Attention-deficit/hyperactivity disorder (ADHD) is an illness characterized by inattention, hyperactivity, and impulsivity. The most commonly diagnosed behavior disorder in young persons, ADHD affects an estimated three percent to five percent of school-age children.

Although ADHD is usually diagnosed in childhood, it is not a disorder limited to children-ADHD often persists into adolescence and adulthood and is frequently not diagnosed until later years.  Those with the predominantly inattentive type often: fail to pay close attention to details or make careless mistakes in schoolwork, work, or other activities; have difficulty sustaining attention to tasks or leisure activities; do not seem to listen when spoken to directly; do not follow through on instructions and fail to finish schoolwork, chores, or duties in the workplace; have difficulty organizing tasks and activities; avoid, dislike, or are reluctant to engage in tasks that require sustained mental effort; lose things necessary for tasks or activities; are easily distracted by extraneous stimuli; are forgetful in daily activities.

Those with the predominantly hyperactive/impulsive types often fidget with their hands or feet or squirm in their seat; leave their seat in situations in which remaining seating is expected; move excessively or feel restless during situations in which such behavior is inappropriate; have difficulty engaging in leisure activities quietly; are “on the go” or act as if “driven by a motor”; talk excessively; blurt out answers before questions have been completed; have difficulty awaiting their turn; interrupt or intrude on others .

Those with the combined type, the most common type of ADHD, have a combination of the inattentive and hyperactive impulsive symptoms.

What is needed to make a diagnosis of ADHD?

A diagnosis of ADHD is made when an individual displays at least six symptoms from either of the above lists, with some symptoms having started before age seven. Clear impairment in at least two settings, such as home and school or work, must also exist. Additionally, there must be clear evidence of clinically significant impairment in social, academic, or occupational functioning behavior.

What Causes ADHD?

First of all, it is important to realize that ADHD is not caused by dysfunctional parenting, and those with ADHD do not merely lack intelligence or discipline.

Strong scientific evidence supports the conclusion that ADHD is a biologically based disorder. Recently, National Institute of Mental Health researchers using PET scans have observed significantly lower metabolic activity in regions of the brain controlling attention, social judgment, and movement in those with ADHD than in those without the disorder. Biological studies also suggest that children with ADHD may have lower levels of the neurotransmitter dopamine in critical regions of the brain.

Other theories suggest that cigarette, alcohol, and drug use during pregnancy or exposure to environmental toxins such as lead may be linked to the development of ADHD. Research also suggests a genetic basis to ADHD-the disorder tends to run in families.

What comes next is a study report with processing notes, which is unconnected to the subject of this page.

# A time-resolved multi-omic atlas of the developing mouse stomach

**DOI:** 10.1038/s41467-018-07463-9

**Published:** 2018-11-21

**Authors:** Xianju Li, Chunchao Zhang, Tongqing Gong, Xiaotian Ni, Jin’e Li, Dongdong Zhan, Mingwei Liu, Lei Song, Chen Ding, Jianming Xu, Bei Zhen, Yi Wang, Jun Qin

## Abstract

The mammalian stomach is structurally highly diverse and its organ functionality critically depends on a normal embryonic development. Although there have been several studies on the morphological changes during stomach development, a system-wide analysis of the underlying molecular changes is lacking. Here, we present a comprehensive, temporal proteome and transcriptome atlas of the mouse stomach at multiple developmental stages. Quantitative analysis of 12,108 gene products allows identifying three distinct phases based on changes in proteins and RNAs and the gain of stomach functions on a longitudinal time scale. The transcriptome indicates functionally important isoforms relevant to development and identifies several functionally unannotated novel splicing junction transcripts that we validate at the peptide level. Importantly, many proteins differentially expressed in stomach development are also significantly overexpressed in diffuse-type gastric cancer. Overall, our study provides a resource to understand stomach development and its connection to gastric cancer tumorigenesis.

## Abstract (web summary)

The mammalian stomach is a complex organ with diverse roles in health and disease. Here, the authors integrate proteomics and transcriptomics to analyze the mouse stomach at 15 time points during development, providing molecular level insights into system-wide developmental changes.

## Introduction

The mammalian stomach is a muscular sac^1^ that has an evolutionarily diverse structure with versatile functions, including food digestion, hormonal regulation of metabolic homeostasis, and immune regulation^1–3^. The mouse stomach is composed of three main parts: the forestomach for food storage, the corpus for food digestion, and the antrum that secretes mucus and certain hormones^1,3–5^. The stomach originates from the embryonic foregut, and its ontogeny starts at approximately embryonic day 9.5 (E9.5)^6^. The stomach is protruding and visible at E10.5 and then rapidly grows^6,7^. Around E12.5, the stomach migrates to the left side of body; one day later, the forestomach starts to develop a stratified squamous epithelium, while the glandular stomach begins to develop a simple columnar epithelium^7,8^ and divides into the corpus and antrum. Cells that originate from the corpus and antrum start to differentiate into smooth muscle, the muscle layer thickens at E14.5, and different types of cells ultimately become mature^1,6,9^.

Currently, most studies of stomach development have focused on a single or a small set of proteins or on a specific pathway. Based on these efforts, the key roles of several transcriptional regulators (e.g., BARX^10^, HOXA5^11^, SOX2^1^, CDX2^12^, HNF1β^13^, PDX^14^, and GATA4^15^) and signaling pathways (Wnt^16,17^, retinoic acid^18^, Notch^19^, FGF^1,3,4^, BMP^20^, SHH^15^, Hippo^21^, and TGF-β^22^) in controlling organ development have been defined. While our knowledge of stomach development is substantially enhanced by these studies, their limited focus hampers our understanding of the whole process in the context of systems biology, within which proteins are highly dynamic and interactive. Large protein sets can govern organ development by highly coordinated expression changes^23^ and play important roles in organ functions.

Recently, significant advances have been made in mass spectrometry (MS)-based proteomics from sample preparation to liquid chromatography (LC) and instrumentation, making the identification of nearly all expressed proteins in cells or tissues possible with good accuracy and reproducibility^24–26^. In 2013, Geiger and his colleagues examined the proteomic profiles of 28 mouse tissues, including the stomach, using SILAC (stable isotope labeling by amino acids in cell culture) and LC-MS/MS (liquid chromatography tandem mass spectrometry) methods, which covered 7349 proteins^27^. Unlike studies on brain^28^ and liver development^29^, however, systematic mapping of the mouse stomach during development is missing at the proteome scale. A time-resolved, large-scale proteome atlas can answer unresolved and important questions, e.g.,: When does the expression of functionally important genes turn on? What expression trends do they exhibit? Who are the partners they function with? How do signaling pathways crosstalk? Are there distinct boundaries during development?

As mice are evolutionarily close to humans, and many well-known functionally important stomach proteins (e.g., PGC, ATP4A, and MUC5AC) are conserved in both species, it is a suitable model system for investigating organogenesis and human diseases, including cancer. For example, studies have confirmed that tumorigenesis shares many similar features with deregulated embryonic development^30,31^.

While early theories suggested that ADHD may be caused by minor head injuries or brain damage resulting from infections or complications at birth, research found this hypothesis to lack substantial supportive evidence. Furthermore, scientific studies have not verified dietary factors, another widely discussed possible influence for the development of ADHD, as a main cause of the disorder.

Medication

Stimulants are the most widely used drugs for treating attention- deficit/ hyperactivity disorder. The four most commonly used stimulants are methylphenidate (Ritalin), dextroamphetamine (Dexedrine, Desoxyn), amphetamine and dextroamphetamine (Adderal ) and Pemoline (Cylert).

These drugs increase activity in parts of the brain that are underactive in those with ADHD, improving attention and reducing impulsiveness, hyperactivity and/or aggressive behavior. Antidepressants, major tranquilizers, and the antihypertensive clonidine (Catapres) have also proven helpful in some cases. Some common side effects of stimulant medications include weight loss, decreased appetite, trouble sleeping, and, in children, a temporary slowness in growth; however, these reactions can often be controlled by dosage adjustments. Medication has proven effective in the short-term treatment of more than 76 percent of individuals with ADHD.

Behavioral Therapy

Treatment strategies such as rewarding positive behavior changes and communicating clear expectations of those with ADHD have also proven effective. Additionally, it is extremely important for family members and teachers or employers to remain patient and understanding.

Children with ADHD can additionally benefit from caregivers paying close attention to their progress, adapting classroom environments to accommodate their needs, and using positive reinforcers.